Three Simple Facts About Jellyfishes

How long does it take for the jellyfish to stay alive out of sea water? Do jellyfishes melt in the rain? What ecological role do jellyfishes play in the marine ecosystem? These are three questions answered in this article. Read on to find out.

The trip to Kitu-Kito, a tourist destination north of Puerto Princesa, on board a raft made of large PVC tubings, appeared to be uneventful until tiny blobs of jellyfishes of different sizes gained our group’s attention. While a scourge to swimmers, the jellyfishes became a subject of photographic interest for me.

Various sizes of jellyfishes bob out of the water, from 5-inch diameter ones with venomous tentacles to the cute, half-inch juveniles. Here are two of them:

jelly fishes
Two jellyfishes swim about in the food container filled with water.

How Long Can Jellyfishes Stay Out of the Water?

Taken by curiosity and instinctively, our boatman caught one of the jellyfishes and placed it on the front edge of the raft. The transparent jellyfish helplessly throbbed just like a heart on the wooden surface indicating that it is alive. Its gelatinous bell (its head) looks edible.

The taste of nata de coco flashed in my mind. I had that urge to slice and eat the chewy head.

I wonder if it tastes like nata de coco? Are jellyfishes edible? The boatman said, “Yes, it is.”

The jellyfish, in fact, is a delectable delicacy in Asia. These are dried, preserved and shipped to restaurants in Japan, China, and Thailand. But I never had the chance to taste it and will not venture to do so unless everybody is eating it.

jellyfish with tentacles
The jellyfish looks like nata de coco, a chewy, translucent, jelly like foodstuff produced by the fermentation of coconut water.

“How long can jellyfishes survive out of the water?” asked one of my friends. Being a biologist, and, not knowing exactly how long it will take for these animals to stay out of the water, I retorted, “Let’s use a timer to find out.” And so we did.

Glancing once in a while and observing the jellyfish for its tell-tale throb of life somewhere in the middle of its body, we waited until no discernible movement to indicate life is evident. After a while and looking at my watch’s timer, I blurted out to the group: “48 minutes.”

Now we learned that jellyfishes could survive that long out of sea water. If it does not return within that period to the deeper parts of the sea during the rush of sea water towards low tide levels, then it gets isolated and fried under the sun or get dehydrated. Thus, it somehow distributes nutrients along the coastline as it becomes a part of the beach ecosystem food chain.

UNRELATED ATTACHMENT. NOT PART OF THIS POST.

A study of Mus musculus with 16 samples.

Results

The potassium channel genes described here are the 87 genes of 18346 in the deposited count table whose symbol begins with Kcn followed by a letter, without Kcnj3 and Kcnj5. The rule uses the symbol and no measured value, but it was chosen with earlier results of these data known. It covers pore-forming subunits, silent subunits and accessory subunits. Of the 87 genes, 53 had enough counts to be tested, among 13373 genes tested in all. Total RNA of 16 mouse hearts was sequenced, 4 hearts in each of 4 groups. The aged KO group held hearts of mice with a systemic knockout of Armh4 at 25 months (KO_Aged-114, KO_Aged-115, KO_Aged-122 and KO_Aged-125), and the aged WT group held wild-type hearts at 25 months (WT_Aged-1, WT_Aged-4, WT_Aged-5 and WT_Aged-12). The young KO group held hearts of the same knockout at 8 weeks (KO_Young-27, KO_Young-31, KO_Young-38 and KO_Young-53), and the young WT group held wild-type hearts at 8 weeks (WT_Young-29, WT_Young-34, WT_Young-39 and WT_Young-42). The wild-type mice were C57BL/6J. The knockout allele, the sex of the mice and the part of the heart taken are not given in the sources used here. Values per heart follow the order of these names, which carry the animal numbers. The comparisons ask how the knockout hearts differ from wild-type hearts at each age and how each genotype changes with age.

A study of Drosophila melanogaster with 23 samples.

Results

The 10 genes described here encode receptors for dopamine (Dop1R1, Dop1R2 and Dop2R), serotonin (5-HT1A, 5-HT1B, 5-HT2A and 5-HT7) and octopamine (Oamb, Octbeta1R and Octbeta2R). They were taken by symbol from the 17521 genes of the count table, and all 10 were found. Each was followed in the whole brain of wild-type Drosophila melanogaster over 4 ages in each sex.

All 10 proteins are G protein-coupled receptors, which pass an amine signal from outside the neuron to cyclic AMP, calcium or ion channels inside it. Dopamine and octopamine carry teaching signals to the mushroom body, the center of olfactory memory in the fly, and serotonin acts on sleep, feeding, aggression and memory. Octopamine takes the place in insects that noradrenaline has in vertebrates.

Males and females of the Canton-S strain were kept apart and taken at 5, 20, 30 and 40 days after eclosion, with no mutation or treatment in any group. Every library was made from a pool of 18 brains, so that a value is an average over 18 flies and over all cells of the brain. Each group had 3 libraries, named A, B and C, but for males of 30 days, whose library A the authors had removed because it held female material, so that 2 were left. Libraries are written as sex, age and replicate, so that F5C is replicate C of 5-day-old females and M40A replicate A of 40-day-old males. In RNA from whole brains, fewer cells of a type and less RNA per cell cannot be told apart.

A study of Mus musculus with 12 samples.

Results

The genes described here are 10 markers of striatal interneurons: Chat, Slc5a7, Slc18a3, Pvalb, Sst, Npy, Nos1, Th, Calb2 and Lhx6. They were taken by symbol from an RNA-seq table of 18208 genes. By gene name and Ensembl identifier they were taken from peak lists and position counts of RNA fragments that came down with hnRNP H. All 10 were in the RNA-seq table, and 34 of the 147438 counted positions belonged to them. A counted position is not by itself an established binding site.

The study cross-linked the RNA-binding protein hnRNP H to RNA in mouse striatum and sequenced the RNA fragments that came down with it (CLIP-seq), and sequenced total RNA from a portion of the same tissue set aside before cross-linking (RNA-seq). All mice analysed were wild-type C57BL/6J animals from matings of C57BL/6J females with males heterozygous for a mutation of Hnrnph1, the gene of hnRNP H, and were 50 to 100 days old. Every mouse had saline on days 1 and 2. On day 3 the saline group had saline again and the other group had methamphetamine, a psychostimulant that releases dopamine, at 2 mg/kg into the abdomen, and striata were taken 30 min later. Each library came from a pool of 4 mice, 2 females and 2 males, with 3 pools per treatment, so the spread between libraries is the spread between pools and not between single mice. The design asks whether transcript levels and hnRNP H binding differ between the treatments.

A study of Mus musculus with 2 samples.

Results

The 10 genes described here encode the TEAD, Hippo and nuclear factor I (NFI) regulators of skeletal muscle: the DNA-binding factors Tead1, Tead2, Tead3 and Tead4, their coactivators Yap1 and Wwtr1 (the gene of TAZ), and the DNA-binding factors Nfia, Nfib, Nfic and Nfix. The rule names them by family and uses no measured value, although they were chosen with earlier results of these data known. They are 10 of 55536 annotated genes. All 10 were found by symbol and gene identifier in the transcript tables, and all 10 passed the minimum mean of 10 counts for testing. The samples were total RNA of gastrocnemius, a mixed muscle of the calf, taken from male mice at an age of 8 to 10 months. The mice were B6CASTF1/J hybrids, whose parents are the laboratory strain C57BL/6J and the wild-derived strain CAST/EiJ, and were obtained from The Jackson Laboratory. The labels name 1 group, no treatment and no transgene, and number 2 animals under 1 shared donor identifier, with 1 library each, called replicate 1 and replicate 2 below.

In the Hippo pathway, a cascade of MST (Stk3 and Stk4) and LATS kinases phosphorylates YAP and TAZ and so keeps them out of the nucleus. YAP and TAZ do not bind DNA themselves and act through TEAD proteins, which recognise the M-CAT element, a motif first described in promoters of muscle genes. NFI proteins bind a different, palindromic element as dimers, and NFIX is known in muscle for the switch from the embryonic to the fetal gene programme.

Do Jellyfishes Melt in the Rain?

Another question sprang up. “Is it true that jellyfishes melt when out of the water and exposed to the rain?”

Honestly, I could not think of a good reason why jellyfishes will melt in the rain. They’re not ice cream or made of ice. I have heard this wrong notion on many occasions. And so I simply said, “I don’t think so,” explaining a bit about the composition of animal tissue.

As if to confirm my point, by sheer coincidence, it rained that afternoon despite the generally fair weather in the morning. The raft shook with every gust of wind that pass our way and alarmed almost everyone. I have been through this situation many times in the field and I feel confident that the wind will settle in a few moments.

The raindrops fell on the jellyfish, washing it through and through. The jellyfish, of course, did not melt. It’s still there.

3. Ecological Value of Jellyfishes

Jellyfishes form part of the marine food chain. They prey mainly on the zooplankton. In turn, they are favorite diets of sea turtles. Thus, they help stabilize the marine ecosystem.

Transparent plastics thrown into sea water sometimes get mistaken for jellyfishes. This is the reason many sea turtles die as plastics block their gut and keep them full when, in reality, they are without food in their stomachs.

© 2014 September 8 P. A. Regoniel

4 thoughts on “Three Simple Facts About Jellyfishes”

  1. Pretty callous of you to kill a jellyfish just to see how long it takes to die. I mean, what was the point? Obviously that kind of experiment is hardly new so it seems to be a waste of life to me.

    1. Yes I agree it’s callous. However that’s science, and now that I know the answer, it does mean that whenever I see one washed up on the beach I’ll gently place it back in the ocean in the hope that it survives so in the long run this experiment …not done by me, I’m just reading the answer….has saved lives.